May 3, 2010:
The main effort of Islamic terrorism has shifted from Iraq to Afghanistan and Pakistan. Last year, there were some 16,000 Moslems killed or wounded in Islamic terrorist attacks in those two countries. That's nearly three times as many as in Iraq, where terror attacks fell by about 30 percent from 2008 to 2009. Meanwhile, they went up by about the same percentage in Afghanistan and Pakistan. The violence in the Pushtun tribal areas of Afghanistan and Pakistan will never reach intensity found in Iraq. Even the Pushtuns concede that the Arabs are much better at slaughtering innocent civilians. At its peak (in 2007) the violence in Iraq was causing four times as many casualties as the Pushtuns are able to do now.
The Islamic terrorism in Afghanistan is sustained by the heroin trade, while Islamic terrorists in North Africa have hooked up with the cocaine trade in South America (the Islamic terrorists provide armed guards for moving cocaine from East African airports, to the Mediterranean coast.) Thus going after Islamic terrorism is now intertwined with the centuries old war against opium (and its 19th century derivative, heroin.)
Meanwhile, it's useful to keep in mind that Islamic terrorism is nothing new. In the last thousand years, these cycles of Islamic terrorism eventually die out when enough of the Islamic radicals are killed off, and potential replacements are put off by their poor chances of survival or success. The root cause of all this Islamic terrorism is the inability of Islamic nations to govern themselves effectively. This has become more of an issue in the last two centuries, as the West instigated the Industrial Revolution and enormous economic growth. Islamic nations tended to resist the economic and cultural changes that resulted. This greatly increased the economic and educational disparities between Islamic nations and the rest of the world. This made the poor living conditions in Moslem nations even more noticeable. This made the periodic eruptions of Islamic terrorism more savage. Most of the time, these Islamic rebels fought their corrupt rulers. But in the last half century, these despots and dictators have convinced many of the Islamic radicals that the real enemy is the non-Moslem world. Thus the increasing number of Islamic terror attacks on Western targets in the last few decades. This resulted in more terrorist attacks on the West, which culminated in September 11, 2001.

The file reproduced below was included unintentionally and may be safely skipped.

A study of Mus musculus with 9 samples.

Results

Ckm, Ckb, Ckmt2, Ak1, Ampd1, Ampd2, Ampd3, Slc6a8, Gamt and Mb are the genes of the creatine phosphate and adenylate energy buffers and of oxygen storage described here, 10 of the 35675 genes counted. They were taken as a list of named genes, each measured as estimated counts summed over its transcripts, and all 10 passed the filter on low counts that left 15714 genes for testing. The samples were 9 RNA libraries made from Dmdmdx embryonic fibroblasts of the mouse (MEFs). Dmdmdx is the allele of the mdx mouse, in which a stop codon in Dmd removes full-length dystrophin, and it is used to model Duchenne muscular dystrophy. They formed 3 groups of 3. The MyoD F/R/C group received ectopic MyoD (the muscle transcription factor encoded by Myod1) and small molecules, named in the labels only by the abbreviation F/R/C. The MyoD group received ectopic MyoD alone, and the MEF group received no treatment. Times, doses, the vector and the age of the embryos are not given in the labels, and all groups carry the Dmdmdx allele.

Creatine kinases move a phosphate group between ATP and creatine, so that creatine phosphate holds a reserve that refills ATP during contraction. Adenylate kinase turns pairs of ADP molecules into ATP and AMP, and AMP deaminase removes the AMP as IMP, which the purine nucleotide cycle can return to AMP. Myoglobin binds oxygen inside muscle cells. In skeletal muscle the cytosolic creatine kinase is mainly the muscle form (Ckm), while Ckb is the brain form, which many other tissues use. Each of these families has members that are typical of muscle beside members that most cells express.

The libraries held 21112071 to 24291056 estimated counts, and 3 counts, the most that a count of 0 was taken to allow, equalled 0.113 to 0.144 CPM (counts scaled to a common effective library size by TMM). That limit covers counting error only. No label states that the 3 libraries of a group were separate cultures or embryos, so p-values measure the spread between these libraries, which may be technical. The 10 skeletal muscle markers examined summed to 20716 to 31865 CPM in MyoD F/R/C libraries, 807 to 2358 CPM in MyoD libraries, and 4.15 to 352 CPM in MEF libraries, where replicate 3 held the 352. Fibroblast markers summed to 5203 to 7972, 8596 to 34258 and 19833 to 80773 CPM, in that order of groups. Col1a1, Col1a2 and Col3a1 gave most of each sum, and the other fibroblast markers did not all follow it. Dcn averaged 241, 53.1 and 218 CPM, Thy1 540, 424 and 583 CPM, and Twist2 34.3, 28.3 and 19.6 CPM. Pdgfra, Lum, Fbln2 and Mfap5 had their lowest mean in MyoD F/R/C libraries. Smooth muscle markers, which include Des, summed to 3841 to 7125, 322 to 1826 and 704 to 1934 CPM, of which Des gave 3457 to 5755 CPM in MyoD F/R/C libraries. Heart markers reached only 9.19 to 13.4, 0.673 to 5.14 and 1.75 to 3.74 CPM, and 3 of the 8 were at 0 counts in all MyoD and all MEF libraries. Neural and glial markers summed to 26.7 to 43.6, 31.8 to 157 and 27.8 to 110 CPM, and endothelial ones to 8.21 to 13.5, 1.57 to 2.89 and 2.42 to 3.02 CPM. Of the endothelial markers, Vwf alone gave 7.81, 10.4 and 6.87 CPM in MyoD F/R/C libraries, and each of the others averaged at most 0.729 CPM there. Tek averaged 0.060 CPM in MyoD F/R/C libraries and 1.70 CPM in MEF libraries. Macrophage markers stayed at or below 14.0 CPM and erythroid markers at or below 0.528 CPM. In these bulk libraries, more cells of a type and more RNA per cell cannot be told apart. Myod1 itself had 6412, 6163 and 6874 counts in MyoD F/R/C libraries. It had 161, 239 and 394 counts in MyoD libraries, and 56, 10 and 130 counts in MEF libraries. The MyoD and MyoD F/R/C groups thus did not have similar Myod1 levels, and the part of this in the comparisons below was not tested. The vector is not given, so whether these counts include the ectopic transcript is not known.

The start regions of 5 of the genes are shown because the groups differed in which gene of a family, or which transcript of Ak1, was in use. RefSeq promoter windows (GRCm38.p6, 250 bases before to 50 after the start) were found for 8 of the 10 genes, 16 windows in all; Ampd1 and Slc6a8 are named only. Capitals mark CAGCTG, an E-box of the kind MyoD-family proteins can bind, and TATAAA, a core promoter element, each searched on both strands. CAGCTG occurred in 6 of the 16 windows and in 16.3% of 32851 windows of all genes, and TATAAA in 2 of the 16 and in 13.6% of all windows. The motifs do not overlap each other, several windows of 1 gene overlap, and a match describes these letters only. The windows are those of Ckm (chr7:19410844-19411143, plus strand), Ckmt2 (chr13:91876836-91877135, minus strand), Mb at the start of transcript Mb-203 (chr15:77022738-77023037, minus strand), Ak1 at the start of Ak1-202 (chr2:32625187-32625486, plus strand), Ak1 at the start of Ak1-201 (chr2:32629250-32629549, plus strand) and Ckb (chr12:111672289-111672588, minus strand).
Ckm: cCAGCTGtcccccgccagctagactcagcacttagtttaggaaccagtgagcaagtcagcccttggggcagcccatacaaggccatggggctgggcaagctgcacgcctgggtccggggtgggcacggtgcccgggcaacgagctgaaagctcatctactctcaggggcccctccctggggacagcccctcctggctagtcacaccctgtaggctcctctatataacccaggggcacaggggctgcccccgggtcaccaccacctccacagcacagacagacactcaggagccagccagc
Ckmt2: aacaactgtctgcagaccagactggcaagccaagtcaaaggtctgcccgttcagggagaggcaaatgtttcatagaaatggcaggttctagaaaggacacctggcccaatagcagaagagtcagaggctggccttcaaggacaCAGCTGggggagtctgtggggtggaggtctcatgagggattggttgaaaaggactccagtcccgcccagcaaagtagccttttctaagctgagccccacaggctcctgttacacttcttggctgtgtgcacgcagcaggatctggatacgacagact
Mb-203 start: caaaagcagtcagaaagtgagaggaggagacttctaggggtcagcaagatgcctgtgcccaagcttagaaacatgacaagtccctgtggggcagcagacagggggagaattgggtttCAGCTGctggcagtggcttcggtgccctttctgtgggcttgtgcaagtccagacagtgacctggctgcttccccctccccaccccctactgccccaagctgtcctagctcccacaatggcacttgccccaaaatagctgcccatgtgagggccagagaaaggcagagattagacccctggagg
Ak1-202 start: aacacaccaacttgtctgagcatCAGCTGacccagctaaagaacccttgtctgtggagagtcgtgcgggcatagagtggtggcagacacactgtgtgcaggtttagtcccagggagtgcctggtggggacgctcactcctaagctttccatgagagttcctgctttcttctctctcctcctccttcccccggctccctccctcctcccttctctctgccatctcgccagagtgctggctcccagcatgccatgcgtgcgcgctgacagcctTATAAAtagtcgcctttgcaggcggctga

The Islamic radical groups are much less effective if they do not have a country where they can maintain bases for training recruits (who are often illiterate) and planning attacks (on Western targets, which is increasingly difficult). The West was content to treat the current wave of Islamic terrorism as a police matter, until the September 11, 2001 attacks. The U.S. declared war on the movement and went after nations that offered sanctuary. Al Qaeda fought back, but was defeated in Iraq, and has regrouped in Pakistan and Afghanistan. But there, the same pattern of high Moslem civilian casualties, and inability to stand up to Western troops, has al Qaeda and their Taliban allies headed for another defeat. While the Islamic radicals have had some success in spinning Western media, their terror tactics have backfired (by killing so many Moslem civilians) and their combat skills have been inadequate to the task.